London – Four years in the making, Louis Vuitton has transformed its New Bond Street flagship store into a luxury ‘Maison’ complete with a host of art installations.
The store, created after consultation with LS:N Global’s parent company, The Future Laboratory, was curated as ‘the most luxurious Louis Vuitton store to date’, according to designer Peter Marino. The three floors over 1,500 square metres were conceived as the home of a collector, who loves only the best and rarest pieces of art. Visitors will find pieces by Gilbert & George, Richard Prince and Takashi Murakami.
In its own space in the menswear department on the lower floor is ‘Credit Card Destroying Machine’, an industrial-looking, moving sculpture by Michael Landy. On the first floor is a book store featuring limited-edition artists’ notebooks with covers by Gary Hume and Anish Kapoor, as well as rare collectibles and fine art prints.
Further highlights include an LED-lit staircase linking the store’s three floors and the ‘bag bar’, which features a moving wall display of Louis Vuitton handbag classics interchanging before the viewer’s eyes and inspired by funfair games. On the womenswear floor is an exhibition space with a small army of mannequins dressed in ready-to-wear collections from the past 10 years, curated by Louis Vuitton stylist and collaborator Katie Grand. The heritage of Louis Vuitton’s trunks is displayed through a two-storey wall installation at the entrance of the store. Beyond are rooms dedicated to today’s luggage, as well as to jewellery, watches, exotic skins and leather goods.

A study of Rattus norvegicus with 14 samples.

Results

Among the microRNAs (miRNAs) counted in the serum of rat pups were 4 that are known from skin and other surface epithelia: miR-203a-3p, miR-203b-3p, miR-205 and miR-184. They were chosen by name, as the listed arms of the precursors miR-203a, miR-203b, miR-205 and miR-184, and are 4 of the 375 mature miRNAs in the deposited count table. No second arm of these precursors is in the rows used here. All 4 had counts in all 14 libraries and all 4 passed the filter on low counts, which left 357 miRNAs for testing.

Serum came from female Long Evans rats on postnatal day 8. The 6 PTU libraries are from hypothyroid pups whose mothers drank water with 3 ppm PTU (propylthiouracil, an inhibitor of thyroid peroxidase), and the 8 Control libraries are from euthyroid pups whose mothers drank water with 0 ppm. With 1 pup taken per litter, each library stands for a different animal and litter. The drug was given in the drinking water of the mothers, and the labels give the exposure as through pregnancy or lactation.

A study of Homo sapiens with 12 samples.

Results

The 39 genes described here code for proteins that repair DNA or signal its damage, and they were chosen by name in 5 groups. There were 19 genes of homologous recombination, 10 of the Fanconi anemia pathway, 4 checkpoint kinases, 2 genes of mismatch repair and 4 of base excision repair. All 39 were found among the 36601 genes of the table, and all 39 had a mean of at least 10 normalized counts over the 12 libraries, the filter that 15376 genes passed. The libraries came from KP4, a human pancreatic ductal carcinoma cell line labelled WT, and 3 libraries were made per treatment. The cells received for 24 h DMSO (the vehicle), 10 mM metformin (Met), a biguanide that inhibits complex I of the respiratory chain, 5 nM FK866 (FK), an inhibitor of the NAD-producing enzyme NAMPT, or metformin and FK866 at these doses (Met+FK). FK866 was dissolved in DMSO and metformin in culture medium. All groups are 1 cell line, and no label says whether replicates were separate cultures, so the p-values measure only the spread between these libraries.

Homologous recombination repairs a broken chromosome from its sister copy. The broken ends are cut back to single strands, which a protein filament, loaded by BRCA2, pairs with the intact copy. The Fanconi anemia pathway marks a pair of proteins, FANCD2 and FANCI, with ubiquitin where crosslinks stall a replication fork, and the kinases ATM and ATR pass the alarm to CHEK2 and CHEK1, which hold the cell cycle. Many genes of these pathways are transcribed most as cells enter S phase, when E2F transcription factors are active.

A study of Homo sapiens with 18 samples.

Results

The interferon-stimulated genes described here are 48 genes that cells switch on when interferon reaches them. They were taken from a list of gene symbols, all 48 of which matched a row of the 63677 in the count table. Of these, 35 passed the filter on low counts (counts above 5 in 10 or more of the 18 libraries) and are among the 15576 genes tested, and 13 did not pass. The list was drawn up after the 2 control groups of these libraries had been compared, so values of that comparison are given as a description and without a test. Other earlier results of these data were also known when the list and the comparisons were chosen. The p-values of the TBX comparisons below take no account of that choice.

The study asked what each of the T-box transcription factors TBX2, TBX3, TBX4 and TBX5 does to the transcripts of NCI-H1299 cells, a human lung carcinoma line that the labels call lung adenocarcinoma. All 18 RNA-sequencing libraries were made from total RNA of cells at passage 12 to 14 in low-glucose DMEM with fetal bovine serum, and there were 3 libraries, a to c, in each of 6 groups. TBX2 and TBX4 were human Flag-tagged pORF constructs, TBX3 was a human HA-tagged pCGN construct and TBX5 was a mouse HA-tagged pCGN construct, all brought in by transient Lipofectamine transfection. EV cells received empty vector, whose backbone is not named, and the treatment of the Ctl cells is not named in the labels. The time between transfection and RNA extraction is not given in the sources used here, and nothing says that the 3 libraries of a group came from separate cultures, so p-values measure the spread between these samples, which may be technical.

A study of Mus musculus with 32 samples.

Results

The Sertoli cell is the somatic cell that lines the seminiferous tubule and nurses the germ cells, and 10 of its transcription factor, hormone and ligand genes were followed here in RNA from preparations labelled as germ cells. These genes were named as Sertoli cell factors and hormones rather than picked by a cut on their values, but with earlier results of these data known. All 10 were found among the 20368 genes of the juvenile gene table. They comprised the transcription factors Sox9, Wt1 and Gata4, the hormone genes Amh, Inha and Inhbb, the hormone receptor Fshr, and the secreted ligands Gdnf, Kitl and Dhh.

‘London is one of the most important fashion and cultural cities in the world, and brings together heritage and innovation,’ says Yves Carcelle, chairman and CEO of Louis Vuitton. ‘Opening a Maison in London is an expression of our belief and optimism in the future of this city.’
As previously reported on LS:N Global, this sentiment is further explored with Louis Vuitton’s recent announcement of its new Young Arts Project.
Louis Vuitton’s new London Maison points to the need for modern retail to become increasingly about experience over selling products. The message is simple: this is a house not a store.
For more on the importance and impact of creating maisons, look out for our ‘Maison Microtrend’, which will be posted on our Trend section on Monday. And see the report on this week’s LS:N Global Retail Networking Afternoon to read more about how smart retailers are putting products second, and making the experience their primary concern.